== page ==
CHARLOTTE, N.C. -- The new superintendent of Charlotte-Mecklenburg Schools says he wishes he would have had more input with the student assignment conversations.
"I would have liked to probably engage with folks," Dr. Clayton Wilcox said Wednesday afternoon in a one-on-one interview with NBC Charlotte's Tanya Mendis.
Wilcox says, while he has only officially been on the job since July 1, he has been in Charlotte since March 10. During that time, he was able to "meet with people, and be thoughtful" with his approach.
He also had the chance to watch the student assignment controversy and conversations play out firsthand.
"There was some frustration because you wanted to address people because while [former superintendent Ann Clark] has a good and gracious style, I have a different style," Wilcox says.
There were many in the community and some in leadership positions who felt the discussions on student assignment should be tabled until Wilcox took over, rather than giving an outgoing superintendent control over such a broad-reaching, long-lasting decision.
Wilcox says he was able to be part of some of the conversations.
"The assumption really there is that I couldn't offer my thoughts," he said. "I did talk to Ann behind the scenes a little bit but I was reluctant to really offer a significant change because, quite honestly, I didn't know the community like Superintendent Clark did."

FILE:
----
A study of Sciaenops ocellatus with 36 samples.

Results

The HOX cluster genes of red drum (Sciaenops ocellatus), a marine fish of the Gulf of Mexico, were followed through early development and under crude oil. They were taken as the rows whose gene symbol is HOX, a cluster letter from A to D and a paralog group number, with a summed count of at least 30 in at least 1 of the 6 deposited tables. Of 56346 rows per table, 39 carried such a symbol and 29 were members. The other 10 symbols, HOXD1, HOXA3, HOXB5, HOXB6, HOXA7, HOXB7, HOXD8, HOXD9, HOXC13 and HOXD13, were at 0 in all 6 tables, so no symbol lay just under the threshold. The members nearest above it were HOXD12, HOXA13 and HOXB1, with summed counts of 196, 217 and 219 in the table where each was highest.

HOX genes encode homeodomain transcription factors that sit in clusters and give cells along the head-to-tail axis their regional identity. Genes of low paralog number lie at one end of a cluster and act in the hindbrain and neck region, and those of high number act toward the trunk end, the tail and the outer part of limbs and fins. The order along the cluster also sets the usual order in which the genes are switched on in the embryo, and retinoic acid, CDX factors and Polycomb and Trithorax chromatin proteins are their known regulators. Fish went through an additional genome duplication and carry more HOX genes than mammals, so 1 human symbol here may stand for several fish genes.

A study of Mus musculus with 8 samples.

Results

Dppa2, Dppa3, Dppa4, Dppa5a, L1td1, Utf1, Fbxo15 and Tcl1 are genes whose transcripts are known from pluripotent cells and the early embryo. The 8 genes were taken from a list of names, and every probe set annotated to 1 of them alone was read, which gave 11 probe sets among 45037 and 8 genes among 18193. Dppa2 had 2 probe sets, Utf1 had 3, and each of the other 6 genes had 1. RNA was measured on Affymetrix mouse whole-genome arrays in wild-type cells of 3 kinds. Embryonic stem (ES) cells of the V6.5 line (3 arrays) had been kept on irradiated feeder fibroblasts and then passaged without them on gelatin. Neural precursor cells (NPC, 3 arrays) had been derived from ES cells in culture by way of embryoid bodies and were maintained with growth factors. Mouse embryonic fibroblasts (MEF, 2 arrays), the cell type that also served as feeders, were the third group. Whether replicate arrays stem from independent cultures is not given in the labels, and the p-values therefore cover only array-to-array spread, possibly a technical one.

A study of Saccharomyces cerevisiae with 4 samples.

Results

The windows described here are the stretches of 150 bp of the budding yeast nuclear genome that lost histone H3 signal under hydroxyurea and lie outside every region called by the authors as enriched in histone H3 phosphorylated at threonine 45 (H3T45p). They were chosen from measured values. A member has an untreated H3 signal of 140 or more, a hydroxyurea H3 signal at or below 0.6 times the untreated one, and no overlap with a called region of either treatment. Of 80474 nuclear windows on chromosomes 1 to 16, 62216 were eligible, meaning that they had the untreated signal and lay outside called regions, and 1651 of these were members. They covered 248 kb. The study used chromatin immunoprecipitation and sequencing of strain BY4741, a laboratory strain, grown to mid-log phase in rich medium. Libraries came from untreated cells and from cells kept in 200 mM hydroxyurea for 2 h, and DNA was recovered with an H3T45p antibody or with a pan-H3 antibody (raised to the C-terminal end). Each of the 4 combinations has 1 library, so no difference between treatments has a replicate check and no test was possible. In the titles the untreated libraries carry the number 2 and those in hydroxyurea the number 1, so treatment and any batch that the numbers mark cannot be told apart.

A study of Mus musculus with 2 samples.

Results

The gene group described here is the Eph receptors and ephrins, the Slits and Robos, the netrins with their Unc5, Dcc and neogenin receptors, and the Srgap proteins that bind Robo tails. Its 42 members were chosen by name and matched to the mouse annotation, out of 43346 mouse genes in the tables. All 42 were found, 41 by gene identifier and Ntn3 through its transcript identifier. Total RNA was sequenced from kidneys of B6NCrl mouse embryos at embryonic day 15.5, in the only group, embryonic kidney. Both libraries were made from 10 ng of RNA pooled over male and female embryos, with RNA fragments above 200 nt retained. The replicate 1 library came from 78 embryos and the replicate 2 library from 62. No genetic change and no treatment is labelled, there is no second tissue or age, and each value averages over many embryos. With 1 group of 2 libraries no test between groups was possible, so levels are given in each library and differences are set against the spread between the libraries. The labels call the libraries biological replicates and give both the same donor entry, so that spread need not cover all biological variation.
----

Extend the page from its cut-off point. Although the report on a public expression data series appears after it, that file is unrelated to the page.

Wilcox said he has a lot of faith in the plan that was put forth, and the team assembled to help its implementation.
He is eager to watch the student assignment plan progress and is open to modifications he said.
"We're gonna implement that plan with a great deal of fidelity but also a great deal of thought," Wilcox said. "We're going to start with meet with people, and where we need to make small tweaks to the plan we will make those small tweaks to better accommodate our families."
As two examples of areas that could be changed, Wilcox pointed to possibly streamlining the bus routes, and making sure that magnet schools stick to their missions.
"That's not to suggest we're gonna wholesale change even parts of it," Wilcox said. "What it is to say is sometimes you only know what you know when you do things. A school system that's kinda stuck in its ways is a school system that's not really ready for the 21st century."